It’s Now Time to Take Downtown Seriously
David Greene Jan. 9, 2014, 7 a.m.
It comes as no surprise to us that positive numbers continue to be announced day after day, week after week. According to the University of Michigan study often quoted by Bloomberg News, the consumer confidence index is now at 82.5 when only 40 days ago it was at 73.2. The index is at its highest year end point since 2007. The stock market broad gauge was up 29.6% and the Dow Jones Average up 26.5%; both indices had very big years. Companies doing business in New York City put another 110,000 people to work in 2013. And though this article was written too early to tally the results, I would not be surprised to see that 27+ million square feet was leased in Manhattan in 2013. Notwithstanding the politicians in Washington DC, business got back to work in 2013.
More than 54 million visitors came to New York City in 2013, continuing a remarkable trend and putting all those dollars to work here in New York. As a native New Yorker, I like to walk this great city of ours. I walk through Times Square twice a day heading in to work and back home at night. I feel those 54 million visitors every day when I find it easier and faster to walk in the street rather than on the sidewalk as I cross through the center of the world.
A closer look at the office and retail market is continued evidence of a rising market. The Flatiron District and the Park Avenue South markets are still sizzling with practically no space available direct from a landlord in the 2,000- to 10,000-square-foot range and $50 and $60 rents the norm. If our recent 121,000-square-foot deal with Scripps (HGTV, Food Network and others), our largest tenant at 1180 Avenue of the Americas, is any indication, the Avenue of the Americas market is slowly beginning to improve. In a nod towards the Hudson Yards on the Far Westside of Manhattan, a look at the Department of City Planning page on the NYC.Gov website informs us that based on the 2000 census “it is anticipated that there will be the need to accommodate over 440,000 new workers, requiring 111 million square feet of new space by 2025…The problem is that there are few sites remaining in Midtown to accommodate new office buildings. Recent studies indicate that at most, there is perhaps room to accommodate only 20 million square feet in Midtown.” There is plenty of excitement about the Hudson Yards. Cranes are in the sky and there are magnificent “forward-thinking” plans and beautiful renderings that will no doubt result in a gorgeous and trendy part of town, but little is in place at the present time.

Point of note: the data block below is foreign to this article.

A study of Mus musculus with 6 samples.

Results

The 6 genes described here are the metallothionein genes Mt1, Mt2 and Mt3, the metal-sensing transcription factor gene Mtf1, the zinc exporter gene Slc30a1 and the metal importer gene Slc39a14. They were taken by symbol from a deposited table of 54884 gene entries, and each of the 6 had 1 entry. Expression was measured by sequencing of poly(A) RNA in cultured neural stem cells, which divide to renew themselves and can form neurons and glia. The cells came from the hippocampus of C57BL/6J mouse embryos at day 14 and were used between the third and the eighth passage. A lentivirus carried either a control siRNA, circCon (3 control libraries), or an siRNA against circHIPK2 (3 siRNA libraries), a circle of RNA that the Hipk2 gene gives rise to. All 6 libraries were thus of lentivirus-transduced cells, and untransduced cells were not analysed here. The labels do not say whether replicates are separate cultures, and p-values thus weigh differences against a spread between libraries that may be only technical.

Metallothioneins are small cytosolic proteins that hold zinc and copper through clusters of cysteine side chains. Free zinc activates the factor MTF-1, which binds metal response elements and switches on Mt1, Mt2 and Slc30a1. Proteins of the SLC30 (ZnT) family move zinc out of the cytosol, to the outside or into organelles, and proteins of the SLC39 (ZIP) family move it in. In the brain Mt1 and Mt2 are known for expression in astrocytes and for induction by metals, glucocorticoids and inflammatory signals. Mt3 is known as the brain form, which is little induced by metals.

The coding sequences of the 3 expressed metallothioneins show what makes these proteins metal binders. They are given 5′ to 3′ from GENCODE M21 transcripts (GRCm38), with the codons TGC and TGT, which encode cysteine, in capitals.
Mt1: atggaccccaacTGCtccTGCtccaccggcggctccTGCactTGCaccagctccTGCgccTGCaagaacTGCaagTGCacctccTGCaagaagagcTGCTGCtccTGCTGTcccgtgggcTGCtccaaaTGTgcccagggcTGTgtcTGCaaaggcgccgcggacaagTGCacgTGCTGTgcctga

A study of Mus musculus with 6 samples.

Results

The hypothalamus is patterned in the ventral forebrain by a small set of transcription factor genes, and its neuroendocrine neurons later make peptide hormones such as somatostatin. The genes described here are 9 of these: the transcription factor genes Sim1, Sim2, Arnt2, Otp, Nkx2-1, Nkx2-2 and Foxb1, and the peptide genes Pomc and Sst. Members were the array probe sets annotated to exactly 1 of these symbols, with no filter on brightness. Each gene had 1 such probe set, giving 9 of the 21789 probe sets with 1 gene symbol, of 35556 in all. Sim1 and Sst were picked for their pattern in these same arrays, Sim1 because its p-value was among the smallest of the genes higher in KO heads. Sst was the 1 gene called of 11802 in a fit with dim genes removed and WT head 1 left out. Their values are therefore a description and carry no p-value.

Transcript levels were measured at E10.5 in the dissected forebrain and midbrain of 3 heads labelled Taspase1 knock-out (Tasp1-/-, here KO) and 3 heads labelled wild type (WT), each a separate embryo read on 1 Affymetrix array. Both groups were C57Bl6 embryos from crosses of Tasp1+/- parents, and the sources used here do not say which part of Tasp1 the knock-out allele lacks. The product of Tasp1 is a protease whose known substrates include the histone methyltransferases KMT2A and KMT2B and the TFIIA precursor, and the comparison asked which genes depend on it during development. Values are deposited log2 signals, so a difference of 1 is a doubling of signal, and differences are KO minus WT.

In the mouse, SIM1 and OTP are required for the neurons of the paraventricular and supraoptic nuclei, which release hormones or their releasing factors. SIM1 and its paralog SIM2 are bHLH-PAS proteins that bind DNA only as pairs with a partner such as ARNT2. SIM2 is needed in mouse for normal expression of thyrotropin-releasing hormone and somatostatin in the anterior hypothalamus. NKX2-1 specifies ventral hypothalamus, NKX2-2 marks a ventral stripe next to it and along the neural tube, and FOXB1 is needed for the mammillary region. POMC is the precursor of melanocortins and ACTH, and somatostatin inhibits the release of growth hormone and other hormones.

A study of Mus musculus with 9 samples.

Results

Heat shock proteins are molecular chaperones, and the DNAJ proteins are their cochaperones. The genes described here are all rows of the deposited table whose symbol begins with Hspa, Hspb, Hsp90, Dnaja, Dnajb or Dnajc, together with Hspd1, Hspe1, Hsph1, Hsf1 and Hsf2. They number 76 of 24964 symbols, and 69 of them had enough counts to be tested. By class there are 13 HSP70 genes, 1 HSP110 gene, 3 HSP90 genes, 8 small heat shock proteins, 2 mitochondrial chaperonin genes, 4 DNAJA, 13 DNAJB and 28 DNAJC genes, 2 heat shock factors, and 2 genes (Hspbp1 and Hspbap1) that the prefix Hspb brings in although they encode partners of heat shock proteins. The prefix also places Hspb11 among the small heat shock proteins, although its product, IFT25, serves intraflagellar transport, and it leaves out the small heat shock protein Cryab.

Thirty five of our brokers recently toured 4 World Trade Center and came away impressed not only with the structure and layouts but also with appreciation for Larry Silverstein, who continues to look forward. Mr. Silverstein could sit back and we’d all look at his career and say “wow” but what is even more impressive is that he seems to always be looking for his next great project. More than anything the full tour was confirmation that Downtown Manhattan will become the next great destination. Sure, a few years ago, when the Conde Nast deal was concluded, a number of brokers proclaimed Downtown as the new destination, but one deal does not a destination make. Rather it is a groundswell of many events. And once the magnificent Calatrava transportation hub opens next year, bringing 11 subway lines and PATH trains to the area, the location will give its uptown neighborhoods a run for many tenants in the market.